Value investing isn't dead. It is, however, comatose and surrounded by grieving relatives.

I know, I know: This is not what most value investors (and I'm one) want to hear. Benjamin Graham showed that you could have made big profits by buying cash-heavy, asset-rich stocks during the Great Depression. Ever since then, value investors have figured they could earn lush returns by loading up on stocks that are cheap in comparison to their earnings and book values. Academic research has largely concurred that value wins.

But is that true lately? Not so much. The Russell 3000 Value Index, which tracks the bargain end of the U.S. stock market, has fallen badly behind its growth index over the past couple of years. Heavy holdings of bank stocks have weighed on the value index, while the growth index has surged on its exposure to hot sectors like technology and pharmaceuticals.

However, it's not just recent market fads that are making bargain-hunting investors feel blue. Jason Hsu, co-founder of Research Affiliates, looked at returns over the past couple of decades from U.S. equity funds that describe themselves as value-oriented. He found they returned an annual average of 9.4% from 1991 to 2013, barely edging out the 9% return produced by the Standard & Poor's 500 Index. At least for fund investors, the extra return from pursuing a value strategy seems to have collapsed to next to nothing.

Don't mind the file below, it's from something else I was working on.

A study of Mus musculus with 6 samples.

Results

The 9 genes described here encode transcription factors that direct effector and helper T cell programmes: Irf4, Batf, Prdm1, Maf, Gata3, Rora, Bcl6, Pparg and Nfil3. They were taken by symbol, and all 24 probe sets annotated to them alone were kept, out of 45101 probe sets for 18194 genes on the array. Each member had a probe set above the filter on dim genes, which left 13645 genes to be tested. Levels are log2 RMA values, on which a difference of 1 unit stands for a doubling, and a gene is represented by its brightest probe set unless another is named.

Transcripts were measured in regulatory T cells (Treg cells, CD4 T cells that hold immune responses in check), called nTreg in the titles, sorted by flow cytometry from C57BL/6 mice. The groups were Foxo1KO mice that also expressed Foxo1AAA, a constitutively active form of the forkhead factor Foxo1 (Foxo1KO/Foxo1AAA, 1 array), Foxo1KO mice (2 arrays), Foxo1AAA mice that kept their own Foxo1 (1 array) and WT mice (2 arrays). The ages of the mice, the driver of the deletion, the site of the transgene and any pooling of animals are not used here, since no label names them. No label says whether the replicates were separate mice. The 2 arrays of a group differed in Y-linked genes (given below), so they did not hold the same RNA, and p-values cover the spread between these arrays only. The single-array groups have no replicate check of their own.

There are several ways to explain this. One is that interest rates have fallen over the past generation. Easy money helps to fuel growth companies. It also helps to keep even troubled companies afloat, which means one attraction of value stocks—a greater ability to withstand financial stress—might not matter as much as it once did.

Value may also be waning because the market is getting smarter. Back in the 1940s and 1950s, classic value investors like Graham and the young Warren Buffett had to dig painstakingly through financial statements to find businesses that could meet simple but demanding criteria. Now, anyone with a Bloomberg terminal can do similar searches in seconds. Perhaps value has become so easy to find that it no longer generates much in the way of rewards.

Or maybe value's slide reflects a complicated mix of interest rates, market efficiency and crowd psychology. Veteran Financial Times commentator John Authers argues that the best times for value stocks are when the market looks either terrific or terrifying. If the former, value stocks shoot up because everything is on the rise and cheap stocks have the furthest to climb. If the latter, value stocks shine because investors want fortress-like companies with solid balance sheets.

By that logic, the current market is a horrible environment for value, because there's neither euphoria nor panic. In a humdrum market supported by low rates, it's no wonder that value investing is looking so sickly.

It might take a renewed outburst of economic terror for value stocks to once again perform better than the overall market. If that happens, a value portfolio might perform better than other strategies, but still lose money as everything crashes. We value investors should be careful what we wish for.